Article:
While traveling may look a little different these days, one thing remains — that pesky bout of constipation. If you’ve ever experienced this, you are not alone! One thing to always remember when it comes to constipation: Never leave your body backed up for too long. Before we get into the “how-to remedy” conversation, let’s look at why this even occurs in the first place.
The main factor is simple: your body is experiencing major changes in its normal routine when you are traveling, including the digestion routine. Airplane travel, road travel and water travel alike — you are simply not in a space you would otherwise find familiar or even comfortable.
Many people are simply not comfortable with having a bowel movement in public places due to comfort, cleanliness and unfamiliarity. In addition, diet and sleep cycles can also play a role in travel constipation. If you are constantly on the go and find yourself feeling bloated, gassy or experiencing abdominal pain, try to remember the last time you had a bowel movement, as these symptoms may correlate to constipation.
Now, let’s take a look at some solutions.
If you’ve read my previous articles in AFM, you already know how much I love the wonder that is magnesium. Good news, you can take magnesium citrate for constipation, usually around 600mg. Depending on how severe you feel the symptoms, you may need to add more, but stop when you finally experience a bowel movement. Think about starting at the 600mg dose and wait 30 minutes to see if things start moving.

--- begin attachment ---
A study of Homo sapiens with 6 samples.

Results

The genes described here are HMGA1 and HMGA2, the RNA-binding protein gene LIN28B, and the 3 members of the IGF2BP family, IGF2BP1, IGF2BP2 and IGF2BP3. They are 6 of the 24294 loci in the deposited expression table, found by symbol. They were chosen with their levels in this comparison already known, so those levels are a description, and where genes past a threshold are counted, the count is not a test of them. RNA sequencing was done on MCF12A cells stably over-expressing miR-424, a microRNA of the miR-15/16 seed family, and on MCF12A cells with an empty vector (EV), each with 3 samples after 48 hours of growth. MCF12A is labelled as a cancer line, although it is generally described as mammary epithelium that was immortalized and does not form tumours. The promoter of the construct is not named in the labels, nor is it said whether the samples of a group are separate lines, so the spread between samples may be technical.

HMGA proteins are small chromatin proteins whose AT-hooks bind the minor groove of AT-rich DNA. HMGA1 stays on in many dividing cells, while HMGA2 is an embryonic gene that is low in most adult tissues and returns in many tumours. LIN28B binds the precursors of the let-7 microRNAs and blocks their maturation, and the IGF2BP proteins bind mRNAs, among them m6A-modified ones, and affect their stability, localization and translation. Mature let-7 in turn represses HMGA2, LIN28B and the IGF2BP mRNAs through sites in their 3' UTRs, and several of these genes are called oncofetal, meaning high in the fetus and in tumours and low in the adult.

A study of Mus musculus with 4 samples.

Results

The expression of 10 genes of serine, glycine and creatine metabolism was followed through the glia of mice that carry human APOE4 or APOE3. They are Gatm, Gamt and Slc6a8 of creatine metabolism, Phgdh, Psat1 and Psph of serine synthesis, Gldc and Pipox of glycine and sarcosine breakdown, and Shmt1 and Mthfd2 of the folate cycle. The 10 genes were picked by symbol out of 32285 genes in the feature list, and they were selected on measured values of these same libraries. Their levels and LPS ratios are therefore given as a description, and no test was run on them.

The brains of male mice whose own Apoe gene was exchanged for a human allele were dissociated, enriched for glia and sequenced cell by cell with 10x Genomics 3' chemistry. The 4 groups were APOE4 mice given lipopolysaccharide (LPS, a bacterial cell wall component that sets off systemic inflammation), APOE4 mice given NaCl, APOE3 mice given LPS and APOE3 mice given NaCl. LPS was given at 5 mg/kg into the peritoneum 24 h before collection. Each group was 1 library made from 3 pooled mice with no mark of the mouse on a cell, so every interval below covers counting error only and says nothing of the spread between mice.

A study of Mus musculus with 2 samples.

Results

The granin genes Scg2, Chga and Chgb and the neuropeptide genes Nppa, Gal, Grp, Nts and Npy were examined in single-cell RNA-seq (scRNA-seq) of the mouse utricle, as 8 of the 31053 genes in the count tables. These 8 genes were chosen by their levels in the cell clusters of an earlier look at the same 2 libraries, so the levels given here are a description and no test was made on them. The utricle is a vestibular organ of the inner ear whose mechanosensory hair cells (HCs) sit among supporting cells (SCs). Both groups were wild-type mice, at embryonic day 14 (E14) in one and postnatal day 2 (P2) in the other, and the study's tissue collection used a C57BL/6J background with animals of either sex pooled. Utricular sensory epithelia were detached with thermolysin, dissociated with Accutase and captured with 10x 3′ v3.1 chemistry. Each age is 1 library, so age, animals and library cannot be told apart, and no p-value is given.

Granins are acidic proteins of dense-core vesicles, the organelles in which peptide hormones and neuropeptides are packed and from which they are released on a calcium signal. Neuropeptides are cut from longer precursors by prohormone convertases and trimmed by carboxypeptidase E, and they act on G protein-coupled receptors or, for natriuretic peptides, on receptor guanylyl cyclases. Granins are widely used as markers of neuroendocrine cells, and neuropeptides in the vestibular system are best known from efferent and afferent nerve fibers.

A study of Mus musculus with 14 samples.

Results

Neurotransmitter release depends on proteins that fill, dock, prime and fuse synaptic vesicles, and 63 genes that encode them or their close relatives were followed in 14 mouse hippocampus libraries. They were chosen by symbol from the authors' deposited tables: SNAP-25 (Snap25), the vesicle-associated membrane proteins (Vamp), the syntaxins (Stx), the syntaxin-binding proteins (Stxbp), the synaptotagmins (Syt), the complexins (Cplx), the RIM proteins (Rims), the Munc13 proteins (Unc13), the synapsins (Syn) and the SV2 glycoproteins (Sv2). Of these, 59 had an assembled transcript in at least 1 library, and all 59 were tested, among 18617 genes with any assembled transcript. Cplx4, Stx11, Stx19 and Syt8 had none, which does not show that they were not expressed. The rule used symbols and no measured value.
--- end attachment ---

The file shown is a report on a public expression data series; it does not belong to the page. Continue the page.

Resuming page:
You can also try senna tea, which is normally used as a natural laxative or to clear the bowels before a surgical procedure. Cascara sagrada is another great option and usually takes about six to eight hours to work. Cascara sagrada is a stimulant laxative, meaning it works by causing muscle contractions in the intestines, which helps move stool through.
A method that may be more familiar is fiber. When constipated, it might be a good idea to take around 6 grams of additional fiber a day. I advise exercising caution here, however, because fiber is also used when you have loose bowels to bulk up your stool. When taken in a low dose, fiber can help to create a really healthy bowel movement. Again, you want to remember not to go too heavy. Keep an eye out for any additional gas or bloating in the beginning if you are experiencing constipation. If you do not experience relief within one to two days, this may be something that makes sense for you to use as a long-term solution for excellent gut health.
An exercise I like to recommend to my patients is called a Salt Water Flush. The flush recipe I typically recommend is by Dr. Axe. See below for the quick recipe — takes a total of 5 minutes!
And last, but not least — if things are really bad, think about getting a colonic. That is the most natural solution and is often referred to as colon hydrotherapy. This softens and loosens fecal matter by allowing a small amount of temperature and pressure-controlled filtered water to flow into your colon, which helps to facilitate the evacuation of impacted fecal matter, retained gas and other waste materials. The flow of a small amount of water and the release of waste is usually repeated several times during a session.
About the Author
Stephanie Kuehne, A.C.N., is a clinical nutritionist who has been treating patients through a holistic-focused care approach. Currently, she owns Ooh Wow Nutrition and, with her own personal experience with weight, hormone imbalance and cystic acne, helps her patients utilize functional nutrition and believes that nature is the medicine cabinet we all should utilize more often. Stephanie enjoys trying new workout experiences and considers herself and her husband (who is a chiropractor) to be self-proclaimed “health geeks!”